United Airlines food service workers in Honolulu and four other cities have voted to unionize, according to Unite Here Local 5.
There are about 2,700 food service workers in Honolulu, Newark, Houston, Denver and Cleveland. Many of the workers, especially those in Honolulu and Denver, are Pacific Islanders who rely on flight benefits to be able to afford to fly home to Micronesia. United has a monopoly on flights to Guam and Honolulu.
The results of the election reflect voting across all five cities from Sept. 18 to Oct. 23. According to Unite Here, 72 percent of the workers who voted supported joining the union.
Martha Tipelo holds up a Unite Here Local 5 lanyard.
Anita Hofschneider/Civil Beat
“United has a strong track record of working closely with a number of unions,” United spokesman Frank Benenati wrote in a press release released after the vote results were announced. “United is committed to treating all of our employees with dignity and respect, and the outcome of this election does not change that commitment.”
Martha Tipelo, an immigrant from Chuuk who has worked for United for 10 years, said, “I feel so excited. It will make a big change for me and my family in the future.”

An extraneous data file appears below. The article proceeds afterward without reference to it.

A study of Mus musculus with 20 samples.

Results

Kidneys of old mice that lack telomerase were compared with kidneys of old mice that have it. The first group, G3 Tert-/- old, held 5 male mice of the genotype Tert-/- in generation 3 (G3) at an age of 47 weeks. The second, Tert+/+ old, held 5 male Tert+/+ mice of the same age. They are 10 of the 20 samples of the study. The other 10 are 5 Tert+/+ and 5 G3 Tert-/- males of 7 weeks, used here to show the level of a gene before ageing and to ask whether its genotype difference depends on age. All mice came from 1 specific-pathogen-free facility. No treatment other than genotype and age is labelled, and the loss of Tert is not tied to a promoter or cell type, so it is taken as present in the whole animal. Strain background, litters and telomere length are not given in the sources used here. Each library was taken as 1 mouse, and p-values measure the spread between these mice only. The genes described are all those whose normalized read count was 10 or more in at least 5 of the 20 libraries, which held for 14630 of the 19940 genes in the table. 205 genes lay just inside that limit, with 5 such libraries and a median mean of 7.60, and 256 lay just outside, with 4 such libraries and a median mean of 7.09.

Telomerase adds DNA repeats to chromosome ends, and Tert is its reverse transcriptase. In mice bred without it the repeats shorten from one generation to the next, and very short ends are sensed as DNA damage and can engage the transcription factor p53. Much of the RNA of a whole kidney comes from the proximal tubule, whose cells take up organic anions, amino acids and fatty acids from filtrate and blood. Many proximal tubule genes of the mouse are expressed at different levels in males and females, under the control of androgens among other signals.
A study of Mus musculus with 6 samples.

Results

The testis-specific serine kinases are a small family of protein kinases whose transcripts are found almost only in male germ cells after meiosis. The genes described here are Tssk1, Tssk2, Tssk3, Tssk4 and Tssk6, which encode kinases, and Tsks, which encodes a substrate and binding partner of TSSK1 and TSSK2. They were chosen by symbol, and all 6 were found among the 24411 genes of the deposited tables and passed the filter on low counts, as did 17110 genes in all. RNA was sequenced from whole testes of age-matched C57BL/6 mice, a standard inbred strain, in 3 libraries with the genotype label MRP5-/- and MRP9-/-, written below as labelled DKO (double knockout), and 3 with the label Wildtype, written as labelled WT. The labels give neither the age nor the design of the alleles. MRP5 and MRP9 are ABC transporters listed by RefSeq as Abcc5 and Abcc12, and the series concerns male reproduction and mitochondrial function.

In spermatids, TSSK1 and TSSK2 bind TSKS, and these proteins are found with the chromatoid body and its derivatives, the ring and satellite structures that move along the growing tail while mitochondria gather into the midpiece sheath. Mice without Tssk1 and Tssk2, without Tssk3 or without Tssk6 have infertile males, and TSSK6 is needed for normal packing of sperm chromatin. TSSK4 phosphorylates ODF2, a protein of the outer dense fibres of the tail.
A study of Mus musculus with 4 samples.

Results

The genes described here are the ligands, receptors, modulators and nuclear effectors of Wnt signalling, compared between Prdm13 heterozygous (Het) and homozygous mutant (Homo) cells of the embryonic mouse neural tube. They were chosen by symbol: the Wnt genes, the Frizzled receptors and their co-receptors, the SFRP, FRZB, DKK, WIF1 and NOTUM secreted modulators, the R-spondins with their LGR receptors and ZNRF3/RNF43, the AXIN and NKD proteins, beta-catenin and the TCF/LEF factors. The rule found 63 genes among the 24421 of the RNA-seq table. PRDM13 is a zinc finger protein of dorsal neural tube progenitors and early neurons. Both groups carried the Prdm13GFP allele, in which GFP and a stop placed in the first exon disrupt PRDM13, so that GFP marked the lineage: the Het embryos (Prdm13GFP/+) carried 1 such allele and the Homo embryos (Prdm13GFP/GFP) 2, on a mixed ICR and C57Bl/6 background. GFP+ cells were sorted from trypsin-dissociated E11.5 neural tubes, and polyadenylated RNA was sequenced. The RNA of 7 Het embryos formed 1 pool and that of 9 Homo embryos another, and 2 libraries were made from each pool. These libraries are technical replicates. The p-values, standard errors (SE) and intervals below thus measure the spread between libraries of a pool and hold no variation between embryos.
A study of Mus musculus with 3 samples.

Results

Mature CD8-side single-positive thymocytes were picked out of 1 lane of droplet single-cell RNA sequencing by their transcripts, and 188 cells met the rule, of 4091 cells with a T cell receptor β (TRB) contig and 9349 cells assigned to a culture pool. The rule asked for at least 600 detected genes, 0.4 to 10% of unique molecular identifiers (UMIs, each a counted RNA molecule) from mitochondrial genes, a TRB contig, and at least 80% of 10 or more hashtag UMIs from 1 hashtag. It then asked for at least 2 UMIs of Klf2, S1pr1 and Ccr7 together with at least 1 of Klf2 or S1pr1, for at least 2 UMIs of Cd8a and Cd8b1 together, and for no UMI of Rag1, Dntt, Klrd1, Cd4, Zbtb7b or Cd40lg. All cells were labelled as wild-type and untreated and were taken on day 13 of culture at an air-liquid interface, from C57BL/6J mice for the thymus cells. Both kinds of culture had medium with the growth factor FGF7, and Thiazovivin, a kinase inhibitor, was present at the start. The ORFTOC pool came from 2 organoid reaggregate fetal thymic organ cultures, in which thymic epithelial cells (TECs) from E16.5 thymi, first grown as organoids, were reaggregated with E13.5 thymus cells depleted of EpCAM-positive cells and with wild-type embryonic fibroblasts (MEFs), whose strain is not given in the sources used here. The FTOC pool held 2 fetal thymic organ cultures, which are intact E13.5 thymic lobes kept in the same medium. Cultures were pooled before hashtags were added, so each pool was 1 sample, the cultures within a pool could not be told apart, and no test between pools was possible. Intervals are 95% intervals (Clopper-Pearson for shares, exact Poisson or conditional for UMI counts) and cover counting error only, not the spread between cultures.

Honolulu catering workers told Civil Beat that United managers discouraged them from voting to unionize. Tipelo says when she wore her bright red Unite Here Local 5 lanyard to work in January, a staff member in the dispatch office grabbed it and said, “Take this off.”
Workers say the airlines even flew out a United Airlines manager from Chuuk, a state in the Federated States of Micronesia, to Denver and Honolulu to try to persuade them not to unionize.
Tipelo immigrated to Hawaii in 1999 at age 26 and now earns $15 per hour working in the catering division at United.On Tuesday, she said she hopes that being part of the union will mean more money and job security.